Photo: Courtesy of NY Kids RISE

July 27, 2021 By Ryan Songalia

More than $1.5 million in emergency disaster relief has been distributed to families with elementary school children living in Queens neighborhoods hit hard by the COVID-19 pandemic.

NYC Kids RISE, which helps families with elementary school kids save for college, has distributed at least one $150 gift card to nearly 5,000 families who live in School District 30 to use for food, Internet or other expenses. The cards started going out in April 2020.

The district covers 39 elementary schools, including schools in Jackson Heights, East Elmhurst and Corona—areas at the epicenter of the pandemic. The district also includes schools in Astoria, Long Island City, Sunnyside and Woodside.

The funds have been awarded to parents in the district whose children have been enrolled in the NYC Kids Rise college saving plan. Most parents with elementary school children in District 30 are enrolled in the Save for College Program and were given $100 seed money.

“This emergency relief effort highlights both the versatility of the Save for College Program distribution platform, and demonstrates the continued importance of investing in the social infrastructure within neighborhoods,” said Debra-Ellen Glickstein, executive director of NYC Kids RISE.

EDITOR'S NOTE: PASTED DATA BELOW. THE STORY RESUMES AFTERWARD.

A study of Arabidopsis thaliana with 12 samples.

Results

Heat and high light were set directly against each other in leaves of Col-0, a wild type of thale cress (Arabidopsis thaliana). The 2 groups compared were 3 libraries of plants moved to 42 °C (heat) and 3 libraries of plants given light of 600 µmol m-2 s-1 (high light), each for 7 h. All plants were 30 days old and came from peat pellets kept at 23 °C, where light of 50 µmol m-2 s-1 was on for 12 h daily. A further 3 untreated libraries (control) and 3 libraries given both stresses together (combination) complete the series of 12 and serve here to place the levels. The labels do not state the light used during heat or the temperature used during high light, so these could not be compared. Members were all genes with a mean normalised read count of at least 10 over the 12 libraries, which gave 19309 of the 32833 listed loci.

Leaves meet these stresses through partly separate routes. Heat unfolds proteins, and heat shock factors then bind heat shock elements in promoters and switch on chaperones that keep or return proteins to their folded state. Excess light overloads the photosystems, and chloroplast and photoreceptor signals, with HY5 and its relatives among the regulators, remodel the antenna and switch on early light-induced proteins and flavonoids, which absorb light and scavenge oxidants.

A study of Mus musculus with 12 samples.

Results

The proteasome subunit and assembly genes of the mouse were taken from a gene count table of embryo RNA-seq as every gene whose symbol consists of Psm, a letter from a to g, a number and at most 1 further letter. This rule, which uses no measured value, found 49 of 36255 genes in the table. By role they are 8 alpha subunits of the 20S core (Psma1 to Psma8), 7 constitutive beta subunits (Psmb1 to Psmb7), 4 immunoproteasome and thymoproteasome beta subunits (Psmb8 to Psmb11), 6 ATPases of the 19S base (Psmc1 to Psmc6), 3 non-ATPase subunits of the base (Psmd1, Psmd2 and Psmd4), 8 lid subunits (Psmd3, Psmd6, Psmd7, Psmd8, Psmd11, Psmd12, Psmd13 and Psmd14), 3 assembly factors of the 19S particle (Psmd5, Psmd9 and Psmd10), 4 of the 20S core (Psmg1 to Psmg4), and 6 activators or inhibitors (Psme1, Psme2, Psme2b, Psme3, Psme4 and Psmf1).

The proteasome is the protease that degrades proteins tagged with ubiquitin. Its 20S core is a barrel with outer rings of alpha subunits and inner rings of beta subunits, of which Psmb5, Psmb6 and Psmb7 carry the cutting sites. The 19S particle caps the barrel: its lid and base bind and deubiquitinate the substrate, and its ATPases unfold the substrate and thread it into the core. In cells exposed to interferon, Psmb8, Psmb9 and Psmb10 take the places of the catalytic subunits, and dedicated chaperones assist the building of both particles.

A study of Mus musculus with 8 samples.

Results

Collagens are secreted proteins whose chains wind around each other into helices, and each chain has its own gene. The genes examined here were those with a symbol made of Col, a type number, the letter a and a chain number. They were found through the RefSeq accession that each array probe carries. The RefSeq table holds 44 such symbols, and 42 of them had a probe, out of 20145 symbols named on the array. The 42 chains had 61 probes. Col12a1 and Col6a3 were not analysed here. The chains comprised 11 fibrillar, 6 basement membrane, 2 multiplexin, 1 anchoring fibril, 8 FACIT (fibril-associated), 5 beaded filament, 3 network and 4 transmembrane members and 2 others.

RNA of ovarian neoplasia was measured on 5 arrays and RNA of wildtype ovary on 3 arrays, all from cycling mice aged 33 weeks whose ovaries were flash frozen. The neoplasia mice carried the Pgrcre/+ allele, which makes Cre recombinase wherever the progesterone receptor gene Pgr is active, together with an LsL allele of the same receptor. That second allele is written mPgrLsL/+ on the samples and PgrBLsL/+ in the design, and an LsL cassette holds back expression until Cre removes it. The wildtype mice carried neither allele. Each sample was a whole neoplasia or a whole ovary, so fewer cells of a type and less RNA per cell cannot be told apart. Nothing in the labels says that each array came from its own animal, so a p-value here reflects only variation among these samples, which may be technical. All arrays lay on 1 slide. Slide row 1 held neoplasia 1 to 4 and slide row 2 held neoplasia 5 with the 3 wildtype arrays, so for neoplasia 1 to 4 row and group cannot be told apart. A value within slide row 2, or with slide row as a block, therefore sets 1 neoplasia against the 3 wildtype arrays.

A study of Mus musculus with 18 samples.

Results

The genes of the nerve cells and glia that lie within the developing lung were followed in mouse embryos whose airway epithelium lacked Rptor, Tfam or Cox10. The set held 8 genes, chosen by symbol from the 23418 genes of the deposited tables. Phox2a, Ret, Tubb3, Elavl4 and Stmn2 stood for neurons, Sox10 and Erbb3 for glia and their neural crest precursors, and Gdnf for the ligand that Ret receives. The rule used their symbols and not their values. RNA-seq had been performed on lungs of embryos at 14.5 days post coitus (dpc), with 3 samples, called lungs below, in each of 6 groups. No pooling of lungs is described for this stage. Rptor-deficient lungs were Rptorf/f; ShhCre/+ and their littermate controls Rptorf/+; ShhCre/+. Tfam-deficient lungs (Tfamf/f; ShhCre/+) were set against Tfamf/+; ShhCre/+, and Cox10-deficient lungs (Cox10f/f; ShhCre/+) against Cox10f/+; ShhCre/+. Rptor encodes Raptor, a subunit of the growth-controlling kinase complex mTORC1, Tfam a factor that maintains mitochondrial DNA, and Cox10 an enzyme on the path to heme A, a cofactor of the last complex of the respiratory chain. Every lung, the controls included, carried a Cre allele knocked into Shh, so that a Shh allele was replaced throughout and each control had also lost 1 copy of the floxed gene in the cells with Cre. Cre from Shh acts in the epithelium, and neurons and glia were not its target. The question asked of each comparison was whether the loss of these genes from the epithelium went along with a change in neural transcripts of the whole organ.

“We are proud that this $1.5 million not only supported families’ urgent needs, but also that much of the $1.5 million was dollars that were circulated at businesses in our neighborhood.”

The emergency cash came from a number of funders, including Robin Hood’s Relief Fund, the Gray Foundation, District Council 9 and the International Union of Painters and Allied Trades (IUPAT), The Thomas and Jeanne Elmezzi Private Foundation, and the Zegar Family Fund.

School Districts in NYC (Courtesy of the DOE)

Councilmember Daniel Dromm, himself a former schoolteacher, said the emergency disaster relief was a welcome boost to families struggling with the pandemic.

“Over the past year, families living at the epicenter of the pandemic in Queens lost critical income, services, and loved ones,” said Dromm, who represents District 25 in Queens. “The way NYC Kids RISE was able to quickly mobilize their network with local schools in a moment of crisis demonstrates how local institutions can become part of an ecosystem of support around our students and their families.”

More than 13,000 students in the district – or 95 percent of eligible students – are enrolled in the “Save for College” program, which launched in fall of 2017 as a pilot program in District 30.

The college savings program is set to be expanded citywide this fall as part of the “NYC Juneteenth Economic Justice Plan” that was announced by Mayor Bill de Blasio on June 17.